December 27, 2007


We’ll never get out of the current mortgage crisis so long as Americans remain in denial about the depth and breadth of the problem and insist on chalking the whole mess up to the irresponsibility of borrowers who are now getting what they deserve.

Throughout this year, as I’ve sounded increasingly dire warnings about an unprecedented wave of foreclosures, some readers have sent me “let them eat cake” letters suggesting the government do little or nothing to help struggling homeowners.

“It in turn is Mr. Doe’s responsibility to the bank, himself and to his family to make his mortgage payment. If he doesn’t, well then too bad for him,” writes Robert McMahon.

Reader Lucius Vorenus echoes the sentiment. “If you don’t have the cash or make enough, then you shouldn’t have gotten a mortgage,” he writes. “It’s called self-management and self-restraint.”

“What the government should do is prosecute any lenders who broke the law,” writes Steve Becker of East Meadow, L.I. “As far as those facing foreclosure – too bad!”

That punitive, Puritan part of the American character stretches all the way up to the Bush administration – which moved at a snail’s pace in recognizing the mortgage crisis and in rolling out a too little, too late rescue package that extends limited relief to borrowers who aren’t behind on their mortgages.

The insistence on letting overburdened borrowers face financial ruin is shortsighted and irresponsible. Yes, some of those who took out loans should have known they were overextending themselves – and there are no free-lunch solutions to the mess we’re in. But an as-yet-unknown number of people were swindled by brokers, bankers and appraisers who created what New York Attorney General Andrew Cuomo described in one case as “a system designed to rip off homeowners and investors alike.”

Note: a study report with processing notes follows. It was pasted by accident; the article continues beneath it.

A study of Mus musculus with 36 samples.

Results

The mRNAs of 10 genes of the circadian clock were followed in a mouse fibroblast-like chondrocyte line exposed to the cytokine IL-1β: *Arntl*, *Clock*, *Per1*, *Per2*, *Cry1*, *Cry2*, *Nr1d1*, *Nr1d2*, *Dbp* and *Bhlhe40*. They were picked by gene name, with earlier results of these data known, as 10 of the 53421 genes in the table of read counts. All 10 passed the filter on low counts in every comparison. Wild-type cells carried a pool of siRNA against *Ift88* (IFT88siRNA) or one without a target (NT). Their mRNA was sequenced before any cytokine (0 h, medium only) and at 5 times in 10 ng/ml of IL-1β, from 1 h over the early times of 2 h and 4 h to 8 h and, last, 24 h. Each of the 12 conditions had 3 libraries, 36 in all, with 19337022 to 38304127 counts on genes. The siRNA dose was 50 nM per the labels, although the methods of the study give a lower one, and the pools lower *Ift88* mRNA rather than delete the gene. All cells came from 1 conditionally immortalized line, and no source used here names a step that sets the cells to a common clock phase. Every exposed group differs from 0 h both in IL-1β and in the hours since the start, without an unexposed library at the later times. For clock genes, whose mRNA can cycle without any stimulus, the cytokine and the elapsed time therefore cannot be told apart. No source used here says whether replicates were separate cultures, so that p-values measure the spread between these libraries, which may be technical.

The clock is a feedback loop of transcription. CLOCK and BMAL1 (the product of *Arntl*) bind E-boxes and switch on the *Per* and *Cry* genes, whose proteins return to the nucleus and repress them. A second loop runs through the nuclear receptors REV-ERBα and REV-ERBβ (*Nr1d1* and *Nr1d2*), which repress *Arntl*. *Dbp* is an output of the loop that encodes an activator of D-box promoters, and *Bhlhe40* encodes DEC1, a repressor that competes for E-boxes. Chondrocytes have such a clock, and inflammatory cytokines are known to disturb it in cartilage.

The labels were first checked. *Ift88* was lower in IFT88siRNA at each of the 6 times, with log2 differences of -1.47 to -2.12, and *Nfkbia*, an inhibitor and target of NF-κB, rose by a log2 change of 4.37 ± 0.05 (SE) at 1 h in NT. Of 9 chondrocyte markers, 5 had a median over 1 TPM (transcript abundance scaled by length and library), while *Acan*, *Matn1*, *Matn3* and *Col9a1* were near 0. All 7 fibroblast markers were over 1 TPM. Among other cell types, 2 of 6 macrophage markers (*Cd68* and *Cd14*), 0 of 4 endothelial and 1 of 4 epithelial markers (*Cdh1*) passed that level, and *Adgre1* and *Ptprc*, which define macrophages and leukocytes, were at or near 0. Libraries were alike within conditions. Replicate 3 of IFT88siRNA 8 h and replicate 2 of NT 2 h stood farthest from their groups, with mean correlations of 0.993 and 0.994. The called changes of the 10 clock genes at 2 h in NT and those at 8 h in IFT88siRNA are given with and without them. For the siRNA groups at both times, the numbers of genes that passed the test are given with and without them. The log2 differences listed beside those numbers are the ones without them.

And no matter who’s to blame, damage from the collapse of the mortgage market will reach millions of Americans who never touched a subprime loan. The foreclosure wave will throw hundreds of thousands of properties on the market at more or less the same time, leading to an expected 30% plunge in home values in the coming months.

One study by the Woodstock Institute, a Chicago-based think tank, found that a single foreclosure on a block can immediately lower the value of nearby homes by $139,000.

Communities will also see a decline in revenues as foreclosed homes sit vacant, unsold and untaxed. That means less money for schools, which are primarily financed by property taxes.

Nationally as of this October, an estimated 130,000 jobs in finance had gone up in smoke, the biggest hit to Wall Street jobs since 2001. That will translate into harder times at local car dealerships, restaurants, retail stores, charities and other places the well-to-do spend their bonuses.

And nobody has a handle on the biggest joker in the deck: the coming losses to be suffered by pension funds and 401(k) retirement plans that bought bonds backed by mortgages that are now going bad.

People expecting to sit untouched while their “lazy, irresponsible” neighbors get a comeuppance are in for a surprise: Nearly everyone’s home values, school districts and retirement funds are going to get hammered.

President Bush’s plan is like putting a Band-Aid on a broken leg. America needs to go back to first principles and rethink the homeownership system.

That means giving far greater money and support to community development financial institutions – credit unions and loan funds that have always catered to low-income borrowers without incurring massive losses. The Clinton administration began a pilot program in the early 1990s that Congress should revisit and expand.

But above all, we need national leaders to tell Americans the blunt truth: The mortgage crisis isn’t just the borrowers’ problem, it’s everybody’s problem.